Michigan is part of the Detroit Division of the Drug Enforcement Administration (DEA), which houses most DEA jobs in the state. Located within Michigan is a Post of Duty office in Kalamazoo, a Post of Duty office in East Lansing, the Division Office in Detroit, and Resident Offices in Saginaw and Grand Rapids.
- Grand Canyon University - B.S. in Justice Studies and M.S. in Criminal Justice
- SNHU - A.S. in Criminal Justice, B.S. in Criminal Justice - Criminology, and M.S. in Criminal Justice
- Strayer University - Bachelors of Science Degree in Criminal Justice
- Michigan State University - Online Master of Science in Criminal Justice
- Saint Joseph's University - Online Master of Science in Criminal Justice
The Detroit Division of the DEA participates in many community and educational activities to inform the public of the dangers of drugs. Within Michigan, the DEA has worked with the Chippewa Valley School District in Clinton Township on a presentation entitled “Current Trends in Teen Drug Use.” They have worked with Macomb County Community College in Clinton Township and Livonia Career Tech Center in Livonia in presentations to students studying law enforcement. The Detroit DEA has also worked on Red Ribbon Week in drug prevention activities with schools such as the Van Hoosen Middle School in Rochester, Portage Lakes Career Center in Portage, Henry Ruff Middle School in Garden City, and Hart Middle School in Rochester.
Michigan’s Drug Abuse Problem
In its Substance Abuse Annual Report for Fiscal Year 2012, the Michigan Department of Community Health Bureau of Substance Abuse and Addiction Services (MDCH BSAAS) noted that 48 percent of admissions to drug rehabilitation centers in Michigan also had a coexisting mental disorder. The challenge of treating drug abuse in Michigan is even greater in these individuals, many of whom also become involved, against their wishes, with the Michigan Drug Enforcement Administration (DEA).
The MDCH BSAAS reported that from 2007 to 2010, the rates for prescription drug overdose deaths were highest for males and females ages 40 to 49. In Fiscal Year 2012, the most common drugs reported among those admitted to rehab in Michigan were, in order: alcohol, heroin, marijuana, other opiates (including prescription drugs), cocaine/crack, and methamphetamine. According to the Michigan State University Institute for Children, Youth and Families, as of April 2003, the state of Michigan spent $28,000 per person in incarceration fees for drug offenders, for a total exceeding $160 million per year.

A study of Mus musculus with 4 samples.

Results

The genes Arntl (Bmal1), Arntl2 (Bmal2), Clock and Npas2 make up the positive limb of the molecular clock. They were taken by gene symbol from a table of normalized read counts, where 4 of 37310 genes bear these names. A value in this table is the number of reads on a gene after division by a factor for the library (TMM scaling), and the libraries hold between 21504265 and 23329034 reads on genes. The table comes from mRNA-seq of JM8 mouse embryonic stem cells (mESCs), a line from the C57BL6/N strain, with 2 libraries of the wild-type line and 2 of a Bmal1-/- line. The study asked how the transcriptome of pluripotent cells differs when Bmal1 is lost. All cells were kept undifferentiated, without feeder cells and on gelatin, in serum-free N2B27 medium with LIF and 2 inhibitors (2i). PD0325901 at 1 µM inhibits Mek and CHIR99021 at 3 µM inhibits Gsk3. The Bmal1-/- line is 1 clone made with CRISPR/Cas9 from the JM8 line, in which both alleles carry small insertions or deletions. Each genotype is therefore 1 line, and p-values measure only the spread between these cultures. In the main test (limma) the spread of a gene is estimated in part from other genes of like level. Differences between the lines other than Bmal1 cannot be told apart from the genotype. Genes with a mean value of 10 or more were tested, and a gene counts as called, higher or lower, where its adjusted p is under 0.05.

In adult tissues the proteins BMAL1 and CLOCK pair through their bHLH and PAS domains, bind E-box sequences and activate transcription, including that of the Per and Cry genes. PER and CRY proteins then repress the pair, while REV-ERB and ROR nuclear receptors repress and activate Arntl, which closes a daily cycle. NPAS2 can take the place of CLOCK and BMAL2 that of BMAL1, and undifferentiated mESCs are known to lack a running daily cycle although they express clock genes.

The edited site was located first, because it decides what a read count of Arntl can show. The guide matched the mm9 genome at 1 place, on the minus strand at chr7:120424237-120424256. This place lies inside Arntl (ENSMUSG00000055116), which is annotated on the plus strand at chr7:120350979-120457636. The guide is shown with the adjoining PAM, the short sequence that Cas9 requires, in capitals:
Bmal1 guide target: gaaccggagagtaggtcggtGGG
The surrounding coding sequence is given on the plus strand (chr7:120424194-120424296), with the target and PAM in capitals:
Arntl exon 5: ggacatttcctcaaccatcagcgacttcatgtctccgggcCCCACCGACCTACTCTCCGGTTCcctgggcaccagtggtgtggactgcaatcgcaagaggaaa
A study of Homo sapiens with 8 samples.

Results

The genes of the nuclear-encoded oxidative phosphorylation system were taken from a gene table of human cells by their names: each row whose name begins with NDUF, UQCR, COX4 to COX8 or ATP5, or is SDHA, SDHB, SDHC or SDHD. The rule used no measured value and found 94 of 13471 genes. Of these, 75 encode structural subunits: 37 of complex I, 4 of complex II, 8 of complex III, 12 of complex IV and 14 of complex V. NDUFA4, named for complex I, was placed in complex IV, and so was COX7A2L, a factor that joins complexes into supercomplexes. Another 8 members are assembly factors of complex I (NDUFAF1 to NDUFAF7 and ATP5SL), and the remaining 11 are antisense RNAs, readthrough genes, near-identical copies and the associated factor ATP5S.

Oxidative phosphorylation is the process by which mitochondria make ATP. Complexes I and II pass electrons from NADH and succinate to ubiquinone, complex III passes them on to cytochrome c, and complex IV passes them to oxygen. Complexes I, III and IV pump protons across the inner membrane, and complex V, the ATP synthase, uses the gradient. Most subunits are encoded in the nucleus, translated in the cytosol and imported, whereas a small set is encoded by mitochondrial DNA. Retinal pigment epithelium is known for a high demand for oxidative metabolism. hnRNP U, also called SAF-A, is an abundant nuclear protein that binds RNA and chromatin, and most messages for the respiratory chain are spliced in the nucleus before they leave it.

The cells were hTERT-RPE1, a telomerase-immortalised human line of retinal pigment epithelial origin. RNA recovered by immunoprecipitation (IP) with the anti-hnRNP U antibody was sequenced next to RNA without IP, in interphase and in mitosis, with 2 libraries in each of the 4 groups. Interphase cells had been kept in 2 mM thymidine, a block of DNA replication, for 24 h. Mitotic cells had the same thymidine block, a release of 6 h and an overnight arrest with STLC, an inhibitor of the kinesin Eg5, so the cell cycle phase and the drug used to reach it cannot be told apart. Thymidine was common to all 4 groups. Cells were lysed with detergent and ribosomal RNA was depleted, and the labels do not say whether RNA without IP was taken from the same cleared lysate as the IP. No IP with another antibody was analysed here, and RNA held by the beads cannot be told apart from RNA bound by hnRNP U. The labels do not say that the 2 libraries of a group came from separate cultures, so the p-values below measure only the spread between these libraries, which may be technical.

How to Become a DEA Agent in Michigan by Meeting Requirements
The Recruiter for the Detroit Division is Special Agent Christopher Taylor. He can be reached by calling (313) 234-4275 or emailing DetroitSpecialAgentRecruiter@usdoj.gov.
Those who are interested in becoming a DEA agent in Michigan by meeting the agency’s requirements should know that preference is given to applicants with advanced law degrees such as an L.L.B. or J.D. Additionally, at least a year of experience in investigations of narcotics violations is necessary. If one has a bachelor’s degree and at least a 2.95 GPA, one might be accepted if that degree also accompanies special qualifications, such as fluency in French, Spanish, French, Arabic, Russian, Hebrew, Nigerian languages, Japanese, Chinese, Mandarin, Urdu, Farsi, or any Balkan language; a pilot’s license and flight experience; maritime experience; electronics experience; or military experience. Even for those who meet these qualifications, the only way to become a DEA agent in Michigan is through specialized training at the DEA Academy in Quantico, Virginia.